The Enid News and Eagle, Enid, OK

Local and State News

February 13, 2011

Enid has one of Oklahoma’s oldest municipal airports

ENID — What now is Enid Woodring Regional Airport is one of the oldest municipal airports in the state.

There was speculation Enid may have had the first municipal airport, but Oklahoma City was earlier by about a year. Enid may have been the second municipal airport in the state.

“Even though the airport may not officially be the first municipal airport, its establishment as one of the very earliest municipal airport efforts, by a bond vote of the people, is certainly worth noting,” said Cindy Allen, managing editor of the Enid News & Eagle.

The newspaper is working with Enid Regional Development Alliance in finding stories about Enid’s uniqueness.

The Enid airport was dedicated in September 1928, said M. L. Becker, of Enid. A person donated 80 acres to the city for an airport, and the city voted municipal bonds to build it. The city of Enid website states Enid was the first city of Oklahoma to vote bonds for a municipally owned airport.

It originally was known as Enid Municipal Airport. The project was promoted by the American Legion, and a number of newspaper articles from the period refer to the American Legion Air Park Committee. A $50,000 bond issue was approved by voters to build the airport. Enid Park Board appointed representatives to the American Legion committee, according to Gary Brown, an Enid attorney and local historian.

The airport was dedicated a few months before one in Tulsa, which was built by a group of Tulsa oilmen who saw the advantages of a municipal airport.

In Oklahoma City, the first airport was built in 1920 on land leased to Oklahoma City. However, Countyline Airport was not considered a municipal airport, according to records from the downtown Oklahoma City Library’s archives division.

According to Oklahoma Historical Society, the 1920 Oklahoma City airport was developed when a group of buffalo wallows were filled in to create a smooth surface. The airport was located next to the Interurban line, going to Oklahoma City and Norman. The fledgling airport saw considerable use before its relocation to Southwest 29th Street and May Avenue in 1924.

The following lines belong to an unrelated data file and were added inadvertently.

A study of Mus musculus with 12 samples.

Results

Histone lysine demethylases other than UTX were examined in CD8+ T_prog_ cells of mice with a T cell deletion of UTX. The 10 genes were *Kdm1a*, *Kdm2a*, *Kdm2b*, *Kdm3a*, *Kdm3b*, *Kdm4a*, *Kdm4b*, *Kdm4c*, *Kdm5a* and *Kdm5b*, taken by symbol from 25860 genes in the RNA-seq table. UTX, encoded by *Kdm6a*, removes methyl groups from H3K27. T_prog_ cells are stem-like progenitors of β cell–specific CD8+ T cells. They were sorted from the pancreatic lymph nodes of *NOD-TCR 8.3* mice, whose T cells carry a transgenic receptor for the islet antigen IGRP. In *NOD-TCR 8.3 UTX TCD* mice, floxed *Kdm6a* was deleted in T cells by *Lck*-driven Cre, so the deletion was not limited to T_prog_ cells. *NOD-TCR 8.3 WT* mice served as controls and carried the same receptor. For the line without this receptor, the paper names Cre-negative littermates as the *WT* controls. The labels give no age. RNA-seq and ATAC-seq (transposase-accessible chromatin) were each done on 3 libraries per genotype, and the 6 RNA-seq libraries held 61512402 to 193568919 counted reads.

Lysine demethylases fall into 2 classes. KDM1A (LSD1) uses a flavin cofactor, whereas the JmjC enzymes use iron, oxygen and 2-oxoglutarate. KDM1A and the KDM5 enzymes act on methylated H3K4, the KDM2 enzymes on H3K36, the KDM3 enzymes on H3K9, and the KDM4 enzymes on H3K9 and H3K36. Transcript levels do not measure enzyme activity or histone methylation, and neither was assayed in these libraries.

Oklahoma City Chamber of Commerce later developed a 70-acre airport, known as Oklahoma City Municipal Airport. The year that airport was completed and named a municipal airport is not clear.

Several communities in Oklahoma had early airports, but none were municipally operated.

The Enid airport was named Woodring Airport in 1933. It was named after I.A. Woodring, an Enid man who was one of the “Three Musketeers of Aviation,” with the Army Air Corps. Lt. Irvin A. Woodring was born Feb. 1, 1902, in Enid and became one of the top stunt and test pilots in the United States, along with John J. Williams and William Lewers Cornelius. The group performed aerobatics at the National Air Races.

Williams died in practice at Los Angeles in 1928. Charles Lindbergh joined the group after Williams’ death. Two weeks later, Cornelius died when his plane collided with another plane. Woodring died in an airplane accident on Jan. 20, 1930, falling 2,000 feet to his death at Wright Field in Dayton, Ohio, after his plane exploded in midair, according to records from the Federal Aviation Administration.

Today, Enid Woodring Regional Airport offers a pilot’s lounge, restaurant, flight planning, hangars, tie downs, wireless access and an after-hours fuel service.

The airport has been undergoing new construction the past couple of years, with additions to the Aircraft Structures building in the Cimarron Industrial Park and several new hangars. A large hangar that will accommodate multiple airplanes is planned for construction this year.

A new airport rescue firefighting vehicle and maintenance building currently is under construction. The facility will house the airport’s firefighting and snow removal equipment. It replaces a building constructed in the 1940s, and Airport Director Dan Ohnesorge hopes to see it complete this summer.

Another project is lengthening 66th Street, where it runs along the east perimeter of the airport, for better utilization by Cimarron Industrial Park and the foreign trade zone there. That project is expected to start in mid-May and be completed in about eight months, Ohnesorge said.

Construction was helped along with a $400,000 grant from the Oklahoma Department of Transportation industrial road program, he said.